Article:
Curiosity is the beginning of innovations, the design of our filament holder

Posted by Andy on May 23, 2016 Tags: development design thinking

We've always been curious about something we don't know. When I noticed some new technology, I want to know how that is doing behind the scene. And curiosity also applies to our product development.

Curiosity makes us thinking


Innovations are not natural; they do not just jump from nowhere. Thinking is the input of the innovations. And curiosity makes us thinking. We're curious about whether there are other solutions about the designs? Curious about are there better methods? 

Filament holder designing story

The first design

As you know, our printer, Sophia, is a Delta printer, not like most of the 3d printers out of markets. We want to build a great printer that is a really consumer product. The filament is the material of the 3d printer. Lots of the printers put the filament separated from the printer. We thought that was not our approach. We wanted the filament is just on the machine. To reduce the effects to the appearance of Sophia, we must keep the filament looks great when on the machine. That decision added lots of difficulties to us. 
The first version of our design is very simple. Just one spool of filament lay down in the upper part of Sophia. Just like the picture below.


This solution is very elegant; a self-designed bearing hold the filament, so the filament is free to rotate, will not add too much friction to the extruder.

But soon, we realized that the first design was not perfect. Because if Sophia has two extruders, one spool of the filament will not be enough. The curiosity of adding more filament rose up.

The second design

Adding another filament's space was very hard. To make two spools of filament installed in the machine, we must change the orientation of the spools. Laying two spools horizontally is not practical. There is no space to stack up two spools. And even there is enough space, that will very inconvenience to operate two spools for you. The picture below is the design that we came up with.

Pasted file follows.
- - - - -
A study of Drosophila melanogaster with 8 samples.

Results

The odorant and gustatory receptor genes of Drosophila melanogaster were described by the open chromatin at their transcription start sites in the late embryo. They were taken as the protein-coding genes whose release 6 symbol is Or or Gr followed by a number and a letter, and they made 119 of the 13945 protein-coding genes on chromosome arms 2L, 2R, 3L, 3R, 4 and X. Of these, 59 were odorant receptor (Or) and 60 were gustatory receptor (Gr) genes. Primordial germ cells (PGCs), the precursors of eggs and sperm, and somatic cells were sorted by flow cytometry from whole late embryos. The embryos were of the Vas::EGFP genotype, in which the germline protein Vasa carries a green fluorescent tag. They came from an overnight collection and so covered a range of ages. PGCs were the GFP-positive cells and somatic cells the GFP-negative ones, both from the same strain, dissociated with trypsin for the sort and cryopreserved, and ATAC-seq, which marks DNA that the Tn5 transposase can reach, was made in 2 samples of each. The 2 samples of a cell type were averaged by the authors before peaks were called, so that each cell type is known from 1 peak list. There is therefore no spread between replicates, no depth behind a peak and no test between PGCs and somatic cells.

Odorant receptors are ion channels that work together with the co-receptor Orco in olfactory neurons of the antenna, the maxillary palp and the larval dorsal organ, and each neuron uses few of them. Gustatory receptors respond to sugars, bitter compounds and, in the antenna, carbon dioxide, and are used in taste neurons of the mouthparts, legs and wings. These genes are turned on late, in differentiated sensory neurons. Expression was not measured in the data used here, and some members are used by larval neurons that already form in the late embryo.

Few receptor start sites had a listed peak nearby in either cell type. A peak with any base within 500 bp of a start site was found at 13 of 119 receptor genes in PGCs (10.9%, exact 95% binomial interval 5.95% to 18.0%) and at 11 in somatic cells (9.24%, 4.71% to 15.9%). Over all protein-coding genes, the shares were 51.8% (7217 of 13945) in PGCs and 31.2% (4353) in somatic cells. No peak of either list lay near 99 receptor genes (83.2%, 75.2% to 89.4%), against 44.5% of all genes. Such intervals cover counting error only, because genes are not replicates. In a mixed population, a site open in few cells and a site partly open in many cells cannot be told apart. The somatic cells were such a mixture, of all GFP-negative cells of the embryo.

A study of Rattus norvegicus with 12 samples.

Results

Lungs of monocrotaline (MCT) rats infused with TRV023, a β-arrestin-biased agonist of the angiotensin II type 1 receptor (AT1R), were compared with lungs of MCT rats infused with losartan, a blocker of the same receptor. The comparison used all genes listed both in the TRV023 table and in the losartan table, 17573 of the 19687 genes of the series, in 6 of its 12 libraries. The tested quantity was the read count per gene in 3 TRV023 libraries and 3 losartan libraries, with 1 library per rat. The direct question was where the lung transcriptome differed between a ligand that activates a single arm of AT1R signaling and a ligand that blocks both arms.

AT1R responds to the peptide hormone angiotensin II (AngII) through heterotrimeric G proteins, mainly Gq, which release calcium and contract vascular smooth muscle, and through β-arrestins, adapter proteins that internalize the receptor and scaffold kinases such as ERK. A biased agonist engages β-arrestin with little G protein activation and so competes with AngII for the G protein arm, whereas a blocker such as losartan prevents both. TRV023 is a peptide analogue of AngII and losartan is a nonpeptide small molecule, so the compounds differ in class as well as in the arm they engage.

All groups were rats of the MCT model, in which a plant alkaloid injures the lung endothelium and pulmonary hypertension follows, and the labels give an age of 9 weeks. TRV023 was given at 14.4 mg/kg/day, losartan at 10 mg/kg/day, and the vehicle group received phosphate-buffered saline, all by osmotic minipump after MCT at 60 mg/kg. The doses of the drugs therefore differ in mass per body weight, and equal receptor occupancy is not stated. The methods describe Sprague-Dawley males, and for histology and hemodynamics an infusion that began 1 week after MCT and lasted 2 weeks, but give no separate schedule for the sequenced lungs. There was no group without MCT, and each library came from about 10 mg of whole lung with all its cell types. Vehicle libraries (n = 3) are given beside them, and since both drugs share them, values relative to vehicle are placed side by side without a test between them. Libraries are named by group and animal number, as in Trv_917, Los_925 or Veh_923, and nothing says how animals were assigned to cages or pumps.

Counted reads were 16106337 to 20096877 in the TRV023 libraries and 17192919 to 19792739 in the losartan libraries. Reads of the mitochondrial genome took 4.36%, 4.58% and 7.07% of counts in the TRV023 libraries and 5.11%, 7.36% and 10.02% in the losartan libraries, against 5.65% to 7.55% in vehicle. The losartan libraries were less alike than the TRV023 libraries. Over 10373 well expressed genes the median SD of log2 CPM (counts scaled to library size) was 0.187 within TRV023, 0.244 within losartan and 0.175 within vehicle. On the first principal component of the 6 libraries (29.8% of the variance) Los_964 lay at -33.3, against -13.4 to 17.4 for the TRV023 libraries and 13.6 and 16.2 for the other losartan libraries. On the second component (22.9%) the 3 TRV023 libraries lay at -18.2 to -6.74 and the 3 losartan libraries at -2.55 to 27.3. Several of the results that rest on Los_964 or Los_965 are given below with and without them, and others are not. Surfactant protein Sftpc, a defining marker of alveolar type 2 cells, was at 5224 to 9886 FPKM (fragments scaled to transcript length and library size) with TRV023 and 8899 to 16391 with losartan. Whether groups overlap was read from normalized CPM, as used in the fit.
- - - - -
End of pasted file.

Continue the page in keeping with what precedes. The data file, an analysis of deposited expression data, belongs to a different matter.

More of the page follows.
The filament holder is slid down to the box so that nobody will notice there are two filaments. When we want to change filament or install the filament, we can pull up the handle, and replace or install the material. We can slide it back to the box. It's simple; I think you already got the idea.

The Final idea

Maybe you already noticed that the second design has some drawbacks. 
First, we must pull up the two spools even we just want to change one of them. 
Second, we must pull them up a little higher to let the spool can be moved out from the right or left slide. 
Third, the sliding mechanism is very hard to design and assemble. 

So we must change the plan again. It's still possible to improve the second version to alleviate the above problems. But we need to add a mechanism to achieve a compact fold and unfold system. That's too complicated. 
After a long time thinking and sketching, we finally came up a great idea to solve all the issues.
Here is our idea's simple diagram.

The main idea is by updating the second design's one handle to two handles, located on the left and right side of the machine. We can pull up one of them to install or change the filament. And the spool holder can be laid down, so we can free our hands to operate.